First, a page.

A refrigerator freezer in an RV is not nearly as large as a residential model and ours was crammed full when we left home. The small size means that we need to go to the grocery store far more frequently than when we’re home to replenish fresh supplies like milk and produce. But we’ve been gone from home over a month and there are still plenty of dinner supplies in the freezer.
Why? Because we go out to lunch so often and the lunches are so bountiful that crackers, cheese and fruit are supper enough at the end of the day. All the organizations in our campground conduct fund raising lunches during the season. For example, the tennis group is hosting a baked potato lunch to raise funds for tennis balls. Because all the labor is free, these lunches are incredibly cheap even though money is being raised. In January we’ve been to hamburger lunch, clam chowder in a bread bowl lunch, ham & bean soup lunch, spaghetti & salad lunch, and pasta fagioli lunch. These meals cost $4-5 and we can walk to them. They always include drinks and dessert, and are for a worthy cause. Who could say no?
When we read the weekly Winter Texan, which lists events and activities at all the parks in the valley as well as in the community, there are many more lunches we could attend. Any group that has any sort of affiliation hosts a lunch. People lunch by work group - the Alcoa Retirees or retired law enforcement, for example. Or educational affiliation - the Iowa State University Alumni had lunch together this week. Or they meet by state - Nebraska, Ohio, and Wisconsin had recent meals together. The New England States are small so they all joined together to eat. The Minnesota Masons shared a meal. You get the idea.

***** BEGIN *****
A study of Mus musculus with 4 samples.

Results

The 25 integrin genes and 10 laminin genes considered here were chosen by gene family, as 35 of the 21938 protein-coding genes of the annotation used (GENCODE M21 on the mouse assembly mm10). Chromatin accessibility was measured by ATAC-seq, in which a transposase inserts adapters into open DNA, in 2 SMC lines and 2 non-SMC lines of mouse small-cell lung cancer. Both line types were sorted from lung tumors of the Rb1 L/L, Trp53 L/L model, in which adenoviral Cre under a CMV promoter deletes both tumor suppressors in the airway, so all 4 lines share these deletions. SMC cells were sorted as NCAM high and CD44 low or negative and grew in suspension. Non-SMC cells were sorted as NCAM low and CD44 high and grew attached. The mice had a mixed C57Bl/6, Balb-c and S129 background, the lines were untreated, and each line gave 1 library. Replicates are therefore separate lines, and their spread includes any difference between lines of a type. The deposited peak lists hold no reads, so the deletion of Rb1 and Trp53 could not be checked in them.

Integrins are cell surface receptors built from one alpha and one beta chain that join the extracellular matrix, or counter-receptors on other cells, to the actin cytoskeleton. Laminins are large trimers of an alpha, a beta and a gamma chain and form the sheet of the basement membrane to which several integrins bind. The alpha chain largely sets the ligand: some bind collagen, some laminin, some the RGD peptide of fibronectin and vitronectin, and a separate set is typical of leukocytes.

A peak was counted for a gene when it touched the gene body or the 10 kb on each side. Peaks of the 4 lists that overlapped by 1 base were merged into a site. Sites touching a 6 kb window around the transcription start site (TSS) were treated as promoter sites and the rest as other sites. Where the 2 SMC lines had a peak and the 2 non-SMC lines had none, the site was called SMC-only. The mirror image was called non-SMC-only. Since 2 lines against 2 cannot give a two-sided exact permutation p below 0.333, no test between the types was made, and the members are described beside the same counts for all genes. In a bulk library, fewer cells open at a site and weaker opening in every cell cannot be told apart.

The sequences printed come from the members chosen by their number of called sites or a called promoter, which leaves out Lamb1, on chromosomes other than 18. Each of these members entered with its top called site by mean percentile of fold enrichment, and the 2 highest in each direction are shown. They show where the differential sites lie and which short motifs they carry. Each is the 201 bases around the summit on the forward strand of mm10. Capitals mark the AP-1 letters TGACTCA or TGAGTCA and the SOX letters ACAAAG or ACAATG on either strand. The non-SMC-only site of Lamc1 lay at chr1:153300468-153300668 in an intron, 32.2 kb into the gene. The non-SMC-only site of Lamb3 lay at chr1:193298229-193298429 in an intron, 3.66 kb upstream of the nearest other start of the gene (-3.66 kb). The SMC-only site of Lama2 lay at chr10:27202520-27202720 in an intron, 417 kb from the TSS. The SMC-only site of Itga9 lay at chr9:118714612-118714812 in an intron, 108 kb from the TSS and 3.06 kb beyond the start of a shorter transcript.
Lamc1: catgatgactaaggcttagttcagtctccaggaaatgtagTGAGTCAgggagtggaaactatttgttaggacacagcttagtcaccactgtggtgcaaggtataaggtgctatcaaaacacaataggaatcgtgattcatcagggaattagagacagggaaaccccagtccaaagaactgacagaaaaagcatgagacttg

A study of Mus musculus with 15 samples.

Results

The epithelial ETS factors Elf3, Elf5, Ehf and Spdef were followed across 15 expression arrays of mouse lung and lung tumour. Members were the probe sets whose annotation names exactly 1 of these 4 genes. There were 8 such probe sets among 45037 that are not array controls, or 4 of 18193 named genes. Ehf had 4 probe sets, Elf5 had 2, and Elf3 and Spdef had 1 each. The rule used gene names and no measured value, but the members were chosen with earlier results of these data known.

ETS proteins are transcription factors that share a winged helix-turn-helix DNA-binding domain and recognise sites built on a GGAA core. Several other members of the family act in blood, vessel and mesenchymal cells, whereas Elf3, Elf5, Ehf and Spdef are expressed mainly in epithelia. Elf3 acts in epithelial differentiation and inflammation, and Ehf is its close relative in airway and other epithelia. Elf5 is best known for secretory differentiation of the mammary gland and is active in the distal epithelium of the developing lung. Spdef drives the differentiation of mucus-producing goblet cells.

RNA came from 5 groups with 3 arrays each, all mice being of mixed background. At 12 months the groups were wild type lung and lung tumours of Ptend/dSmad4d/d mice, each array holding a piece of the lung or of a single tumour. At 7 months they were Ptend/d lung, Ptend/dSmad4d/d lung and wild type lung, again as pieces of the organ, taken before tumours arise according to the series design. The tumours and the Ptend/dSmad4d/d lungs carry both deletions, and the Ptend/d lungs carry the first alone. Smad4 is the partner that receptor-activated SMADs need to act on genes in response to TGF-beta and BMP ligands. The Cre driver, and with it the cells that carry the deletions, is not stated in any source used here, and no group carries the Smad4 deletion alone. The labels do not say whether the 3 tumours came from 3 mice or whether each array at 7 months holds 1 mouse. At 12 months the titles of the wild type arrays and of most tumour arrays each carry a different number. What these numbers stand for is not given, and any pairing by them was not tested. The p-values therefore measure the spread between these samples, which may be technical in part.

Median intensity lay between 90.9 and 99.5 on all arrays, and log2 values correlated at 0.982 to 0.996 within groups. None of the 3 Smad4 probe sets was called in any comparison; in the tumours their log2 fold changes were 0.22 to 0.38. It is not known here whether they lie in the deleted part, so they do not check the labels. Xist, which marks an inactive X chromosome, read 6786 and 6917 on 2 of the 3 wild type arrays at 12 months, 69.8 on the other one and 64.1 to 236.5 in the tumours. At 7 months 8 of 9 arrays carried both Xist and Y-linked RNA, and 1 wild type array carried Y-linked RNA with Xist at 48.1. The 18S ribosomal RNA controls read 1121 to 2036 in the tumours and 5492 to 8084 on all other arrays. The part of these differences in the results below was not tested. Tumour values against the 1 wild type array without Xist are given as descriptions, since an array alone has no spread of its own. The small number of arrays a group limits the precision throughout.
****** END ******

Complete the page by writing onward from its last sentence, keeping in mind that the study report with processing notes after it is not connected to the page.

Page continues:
This week we traveled to Gatti’s Pizza to meet with other Winter Texans from northern Illinois. It was easy to tell we were in the right spot because the parking lot was full of cars with those familiar red, white and blue license plates. We signed in by county and were amazed that no one from Cook County - Chicago and the suburbs around it was there, even though about 150 folks were in attendance. Event organizers worked hard to insure that this encounter was about more than eating. We took two quizzes - one about television trivia and the one that humorously tested our knowledge of Chinese. Then the prize drawing began. Prizes ranged from camping chairs (the best prize) to 100 feet of rope. We won a child ‘s back pack full of school supplies. We have no idea what to do with it although we are sure that with all the poor kids living in the valley someone could make good use of it.
Today we went to a lunch hosted by the Newmar, the manufacturer of our motor home. It was fun comparing repair stories and hearing about updates and modifications folks had made to their rigs. Company representatives spoke after the meal and talked about their efforts to survive post 2008 when many RV manufacturers went belly up. We know lots of folks whose warranties were worthless once the companies that built their rigs want bankrupt. These days Newmar’s manufacturing decisions are largely influenced by the banks. Financial institutions are loathe to give loans for top end motor homes like ours that cost $250,000 new even if the buyers have solid credit ratings. It sounded like the tail was wagging the dog.
So once again our freezer remains full of frozen shrimp and chicken and we will enjoy yoghurt and fresh fruit for dinner.